We are all aware of the tragic impact the coronavirus is having around the globe. The need to stay at home has virtually shut down the economy. The knock-on effect is high unemployment, falling GDP and a weaker pound. Few analysts disagree that the UK is heading for a recession, indeed we might actually already be in one.

A recession is defined as two consecutive quarters of negative GDP growth. We have to wait until May 12 to find out the reading for the first quarter of 2020, but it could easily be negative. As for the current quarter, it is unlikely we are going to see the economy grow. Despite this, in the past 30 days the FTSE 100 stock index has rallied over 12%. So why is that? And what does it mean for investors? Have we left it too late to take advantage of quality companies at bargain prices?


Usually the FTSE 100 index is seen as a barometer of how well the UK economy is doing. The stock market gauges investor confidence and general sentiment. If we look at the chart over the past few decades, we can see that it has broadly followed how the economy has performed. For example, when the UK sank into a recession with the global financial crisis in 2008/09, the FTSE 100 fell by around 30%. During the growth years from 2013/19, the index rallied to reflect this.


One of the main reasons why the index is rallying despite us potentially already being in a recession is because it is priced in. This expression is used when the price of an asset already reflects the current situation. For example, if there is a bright yellow jumper which no one wants, it may go on 50% sale. As an investor, we would say the lack of demand is now priced in.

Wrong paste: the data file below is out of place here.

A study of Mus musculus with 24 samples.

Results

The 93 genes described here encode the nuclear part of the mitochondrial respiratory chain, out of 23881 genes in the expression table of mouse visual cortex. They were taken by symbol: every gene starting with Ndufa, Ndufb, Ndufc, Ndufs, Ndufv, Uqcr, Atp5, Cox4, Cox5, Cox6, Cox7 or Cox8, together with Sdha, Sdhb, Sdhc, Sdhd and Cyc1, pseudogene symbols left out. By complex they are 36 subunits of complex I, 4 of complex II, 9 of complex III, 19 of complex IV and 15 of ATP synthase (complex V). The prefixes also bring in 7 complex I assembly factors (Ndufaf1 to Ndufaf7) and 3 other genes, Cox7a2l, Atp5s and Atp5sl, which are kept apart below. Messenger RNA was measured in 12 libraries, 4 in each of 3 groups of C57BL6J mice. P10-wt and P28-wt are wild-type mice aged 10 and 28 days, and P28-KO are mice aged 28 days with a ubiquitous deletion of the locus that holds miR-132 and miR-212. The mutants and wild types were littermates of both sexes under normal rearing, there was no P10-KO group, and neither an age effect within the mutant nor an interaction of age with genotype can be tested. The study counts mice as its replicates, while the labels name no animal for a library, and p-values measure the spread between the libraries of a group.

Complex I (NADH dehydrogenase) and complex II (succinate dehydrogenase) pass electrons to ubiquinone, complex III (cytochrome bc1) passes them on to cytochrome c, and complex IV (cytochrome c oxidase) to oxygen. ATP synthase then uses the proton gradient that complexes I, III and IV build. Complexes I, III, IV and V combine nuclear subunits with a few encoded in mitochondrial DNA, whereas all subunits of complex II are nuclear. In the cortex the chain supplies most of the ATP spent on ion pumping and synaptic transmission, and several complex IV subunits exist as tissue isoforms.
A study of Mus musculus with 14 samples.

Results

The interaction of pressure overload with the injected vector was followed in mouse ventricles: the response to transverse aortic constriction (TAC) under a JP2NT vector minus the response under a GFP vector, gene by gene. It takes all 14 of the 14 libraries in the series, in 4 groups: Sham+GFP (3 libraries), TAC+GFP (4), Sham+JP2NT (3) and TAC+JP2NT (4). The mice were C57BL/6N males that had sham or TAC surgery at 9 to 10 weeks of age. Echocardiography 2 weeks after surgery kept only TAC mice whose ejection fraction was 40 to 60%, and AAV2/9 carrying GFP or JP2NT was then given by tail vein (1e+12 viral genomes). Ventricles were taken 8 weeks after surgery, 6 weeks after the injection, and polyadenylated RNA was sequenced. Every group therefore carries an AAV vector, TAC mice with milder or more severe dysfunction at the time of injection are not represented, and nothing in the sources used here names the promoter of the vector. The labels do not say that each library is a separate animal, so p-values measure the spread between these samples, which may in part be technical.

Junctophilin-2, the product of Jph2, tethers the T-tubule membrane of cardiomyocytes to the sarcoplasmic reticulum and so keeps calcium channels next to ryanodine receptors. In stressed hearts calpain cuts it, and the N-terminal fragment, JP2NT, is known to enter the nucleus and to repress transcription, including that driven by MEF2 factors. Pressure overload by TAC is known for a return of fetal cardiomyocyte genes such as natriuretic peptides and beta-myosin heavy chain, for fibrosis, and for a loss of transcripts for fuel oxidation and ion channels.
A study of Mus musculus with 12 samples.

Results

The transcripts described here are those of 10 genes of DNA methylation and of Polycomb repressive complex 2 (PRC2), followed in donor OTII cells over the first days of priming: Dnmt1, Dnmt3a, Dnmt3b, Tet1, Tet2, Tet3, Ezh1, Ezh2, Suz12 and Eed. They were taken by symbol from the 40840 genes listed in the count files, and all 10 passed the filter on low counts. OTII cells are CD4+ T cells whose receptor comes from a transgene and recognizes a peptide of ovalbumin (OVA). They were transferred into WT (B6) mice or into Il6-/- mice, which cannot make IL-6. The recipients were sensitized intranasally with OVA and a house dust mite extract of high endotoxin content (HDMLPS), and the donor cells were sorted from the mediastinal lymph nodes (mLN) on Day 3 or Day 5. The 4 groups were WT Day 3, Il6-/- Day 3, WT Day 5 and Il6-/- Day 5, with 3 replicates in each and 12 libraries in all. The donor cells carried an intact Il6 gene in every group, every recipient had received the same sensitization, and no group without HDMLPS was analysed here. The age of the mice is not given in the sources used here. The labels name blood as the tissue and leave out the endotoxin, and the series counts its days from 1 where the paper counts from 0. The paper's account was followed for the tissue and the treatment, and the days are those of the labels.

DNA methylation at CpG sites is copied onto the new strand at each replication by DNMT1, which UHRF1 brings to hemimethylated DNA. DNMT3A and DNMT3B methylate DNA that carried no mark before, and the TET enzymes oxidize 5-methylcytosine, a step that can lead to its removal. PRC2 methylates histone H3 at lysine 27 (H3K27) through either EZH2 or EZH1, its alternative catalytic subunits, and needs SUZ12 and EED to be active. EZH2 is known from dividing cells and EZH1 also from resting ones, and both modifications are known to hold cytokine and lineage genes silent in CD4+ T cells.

This can be said of the FTSE 100 index. The fall of over 30% in early March reflected the worst-case scenario for the UK due to the implications of the virus. In a way, this drop assumed a recession already, even a depression! The price thus reflected this opinion. So the rally over the past month has come as investors have realised that the worst-case scenario might not actually happen.

The lockdown imposed and the signs around the world of slowing death rates (Wuhan, Italy, Austria etc) over the past couple of weeks have provided optimism in the stock market. The market is still ready for a recession (hence why it is still down over 15% from the peak). But it is nowhere near as bleak as it was a month ago.

My Foolish takeaway

From this, I am doing the following. Firstly, I am not selling any stocks I currently own. If I had sold a month ago then I would have lost out on this rally. Secondly, I am looking to buy stocks which are defensive and could perform well during a recession. Supermarkets and the healthcare sector are good examples here. Yes, those stocks are more expensive today than they were in the depths of crash, but they are still quality companies I feel can grow and reward me once the crisis is over. Finally, I am making sure I keep my finger on the pulse of market sentiment, so I can react quickly whatever happens!